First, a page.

Two U.S. defense officials have confirmed a report that the Navy is making plans to house potentially tens of thousands of migrants at bases in California, Alabama and Arizona, though an official request from the Department of Homeland Security (DHS) is still pending.
Lt. Col. Jamie Davis, a Pentagon spokesman, said: "The Department of Defense is conducting prudent planning and is looking nationwide at DoD installations should DHS ask for assistance in housing adult illegal immigrants. At this time there has been no request from DHS for DoD support to house illegal migrants”
TIME magazine initially reported on plans for the "austere" facilities.
The Navy is preparing plans to construct sprawling detention centers for tens of thousands of immigrants on remote bases in California, Alabama and Arizona, escalating the military’s task in implementing President Trump’s “zero tolerance” policy for people caught crossing the Southern border, according to a copy of a draft memo obtained by TIME.
"The Department of Defense is conducting prudent planning ..."
The internal document, drafted for the Navy secretary’s approval, signals how the military is anticipating its role in Trump’s immigration crackdown. The planning document indicates a potential growing military responsibility in an administration caught flat-footed in having to house waves of migrants awaiting civilian criminal proceedings.
The Navy memo outlines plans to build “temporary and austere” tent cities to house 25,000 migrants at abandoned airfields just outside the Florida panhandle near Mobile, Ala.; at Navy Outlying Field Wolf in Orange Beach, Ala.; and nearby Navy Outlying Field Silverhill.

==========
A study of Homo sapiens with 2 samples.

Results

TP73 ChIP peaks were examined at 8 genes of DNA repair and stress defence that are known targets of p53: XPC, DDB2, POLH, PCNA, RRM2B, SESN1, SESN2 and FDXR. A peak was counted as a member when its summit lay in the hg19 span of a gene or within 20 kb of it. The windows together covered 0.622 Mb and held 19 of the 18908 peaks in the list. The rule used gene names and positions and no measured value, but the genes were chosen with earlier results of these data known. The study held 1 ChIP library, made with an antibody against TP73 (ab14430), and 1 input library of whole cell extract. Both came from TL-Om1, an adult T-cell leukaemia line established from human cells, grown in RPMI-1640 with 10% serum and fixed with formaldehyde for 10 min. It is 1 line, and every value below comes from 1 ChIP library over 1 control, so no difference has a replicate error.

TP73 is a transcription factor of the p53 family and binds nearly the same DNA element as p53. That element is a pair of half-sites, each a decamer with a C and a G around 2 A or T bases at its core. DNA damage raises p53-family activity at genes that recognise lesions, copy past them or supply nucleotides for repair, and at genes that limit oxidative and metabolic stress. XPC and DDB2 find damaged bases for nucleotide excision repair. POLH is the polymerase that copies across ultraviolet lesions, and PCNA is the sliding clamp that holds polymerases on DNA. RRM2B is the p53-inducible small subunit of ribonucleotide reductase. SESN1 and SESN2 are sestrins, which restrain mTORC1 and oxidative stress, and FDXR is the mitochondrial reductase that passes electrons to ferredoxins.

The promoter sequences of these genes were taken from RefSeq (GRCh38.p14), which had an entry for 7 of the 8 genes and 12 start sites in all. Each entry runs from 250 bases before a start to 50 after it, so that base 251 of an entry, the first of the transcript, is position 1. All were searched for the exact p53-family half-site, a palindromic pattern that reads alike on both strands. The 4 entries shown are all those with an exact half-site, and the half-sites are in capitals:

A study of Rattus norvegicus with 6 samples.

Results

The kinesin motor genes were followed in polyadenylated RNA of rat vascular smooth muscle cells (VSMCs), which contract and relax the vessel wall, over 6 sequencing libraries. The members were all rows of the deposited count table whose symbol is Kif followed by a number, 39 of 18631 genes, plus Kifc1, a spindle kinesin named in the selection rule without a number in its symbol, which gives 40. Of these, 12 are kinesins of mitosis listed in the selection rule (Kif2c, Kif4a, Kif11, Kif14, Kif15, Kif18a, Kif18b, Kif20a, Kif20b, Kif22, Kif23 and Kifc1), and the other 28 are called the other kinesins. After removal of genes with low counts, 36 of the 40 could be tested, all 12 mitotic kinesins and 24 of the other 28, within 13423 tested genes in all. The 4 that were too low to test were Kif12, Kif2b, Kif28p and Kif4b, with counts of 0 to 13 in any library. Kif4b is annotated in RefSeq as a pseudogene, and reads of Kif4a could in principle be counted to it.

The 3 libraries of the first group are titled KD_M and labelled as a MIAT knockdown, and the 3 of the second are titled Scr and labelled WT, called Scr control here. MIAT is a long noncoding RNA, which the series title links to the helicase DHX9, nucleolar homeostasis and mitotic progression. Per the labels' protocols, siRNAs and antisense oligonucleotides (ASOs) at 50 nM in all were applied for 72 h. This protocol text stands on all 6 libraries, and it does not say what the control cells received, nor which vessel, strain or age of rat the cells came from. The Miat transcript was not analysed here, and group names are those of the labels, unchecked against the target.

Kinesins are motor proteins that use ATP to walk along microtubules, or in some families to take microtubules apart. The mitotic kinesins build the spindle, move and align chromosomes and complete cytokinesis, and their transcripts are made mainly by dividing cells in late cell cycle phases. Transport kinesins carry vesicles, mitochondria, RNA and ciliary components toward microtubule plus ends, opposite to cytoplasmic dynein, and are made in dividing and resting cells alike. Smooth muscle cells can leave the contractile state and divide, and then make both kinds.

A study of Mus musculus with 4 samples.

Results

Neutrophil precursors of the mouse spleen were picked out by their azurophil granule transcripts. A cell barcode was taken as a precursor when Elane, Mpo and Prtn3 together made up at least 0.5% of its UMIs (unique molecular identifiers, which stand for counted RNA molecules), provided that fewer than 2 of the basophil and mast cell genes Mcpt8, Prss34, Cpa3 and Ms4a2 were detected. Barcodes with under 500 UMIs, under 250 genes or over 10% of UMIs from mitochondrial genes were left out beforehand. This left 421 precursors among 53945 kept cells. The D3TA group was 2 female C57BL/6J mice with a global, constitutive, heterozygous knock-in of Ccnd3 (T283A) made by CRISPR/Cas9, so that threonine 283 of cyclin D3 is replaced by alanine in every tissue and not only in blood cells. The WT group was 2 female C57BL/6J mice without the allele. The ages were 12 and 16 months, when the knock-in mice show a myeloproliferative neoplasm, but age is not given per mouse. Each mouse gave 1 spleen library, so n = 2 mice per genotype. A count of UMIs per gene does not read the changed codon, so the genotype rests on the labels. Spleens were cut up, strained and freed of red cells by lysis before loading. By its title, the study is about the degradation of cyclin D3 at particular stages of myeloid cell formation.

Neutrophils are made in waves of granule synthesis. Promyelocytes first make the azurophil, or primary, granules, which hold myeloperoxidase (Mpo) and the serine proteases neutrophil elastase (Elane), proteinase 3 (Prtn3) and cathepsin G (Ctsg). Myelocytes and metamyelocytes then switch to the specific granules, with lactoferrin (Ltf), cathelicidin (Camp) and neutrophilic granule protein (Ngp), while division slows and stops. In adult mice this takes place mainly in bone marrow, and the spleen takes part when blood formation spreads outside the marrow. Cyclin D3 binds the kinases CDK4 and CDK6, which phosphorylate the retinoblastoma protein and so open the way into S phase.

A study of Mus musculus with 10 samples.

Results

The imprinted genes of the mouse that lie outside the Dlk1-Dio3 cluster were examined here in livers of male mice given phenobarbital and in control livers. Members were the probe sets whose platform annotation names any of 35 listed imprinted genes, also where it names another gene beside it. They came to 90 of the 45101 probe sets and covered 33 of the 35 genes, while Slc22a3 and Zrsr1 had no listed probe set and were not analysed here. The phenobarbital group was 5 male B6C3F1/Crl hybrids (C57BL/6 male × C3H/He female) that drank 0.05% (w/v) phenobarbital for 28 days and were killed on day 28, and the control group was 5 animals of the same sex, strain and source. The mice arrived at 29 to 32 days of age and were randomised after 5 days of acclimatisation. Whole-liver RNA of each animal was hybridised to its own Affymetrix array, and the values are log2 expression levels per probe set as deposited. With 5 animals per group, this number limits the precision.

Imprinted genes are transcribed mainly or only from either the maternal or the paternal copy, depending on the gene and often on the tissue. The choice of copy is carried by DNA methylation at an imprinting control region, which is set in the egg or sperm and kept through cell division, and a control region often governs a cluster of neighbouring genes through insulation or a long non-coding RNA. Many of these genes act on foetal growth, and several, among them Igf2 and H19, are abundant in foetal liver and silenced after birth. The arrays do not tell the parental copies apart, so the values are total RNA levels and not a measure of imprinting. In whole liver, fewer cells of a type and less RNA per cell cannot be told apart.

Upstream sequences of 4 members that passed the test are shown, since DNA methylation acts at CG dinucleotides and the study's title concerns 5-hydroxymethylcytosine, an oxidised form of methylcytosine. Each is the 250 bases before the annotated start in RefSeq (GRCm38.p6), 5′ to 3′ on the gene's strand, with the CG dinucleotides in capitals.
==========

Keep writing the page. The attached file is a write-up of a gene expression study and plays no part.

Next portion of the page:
The memo also proposes a camp for as many as 47,000 people at former Naval Weapons Station Concord, near San Francisco; and another facility that could house as many as 47,000 people at Camp Pendleton, the Marines’ largest training facility, along the Southern California coast.
The planning memo proposes further study of housing an undetermined number of migrants at the Marine Corps Air Station near Yuma, Ariz.
The planning document estimates that the Navy would spend about $233 million to construct and operate a facility for 25,000 people for a six-month time period. The proposal suggests these tent cities be built to last between six months and one year.
Capt. Greg Hicks, the Navy’s chief spokesman, declined to provide details on the matter.
“It would be inappropriate to discuss internal deliberative planning documents,” he told TIME.
Although the military has not yet been ordered to construct these new detention facilities, it is clear it is bracing to join a policy challenge that is ricocheting throughout the whole of government. What began as a crackdown on immigrants crossing the border illegally has now spread to the departments of Justice, Homeland Security, Defense and Health and Human Services.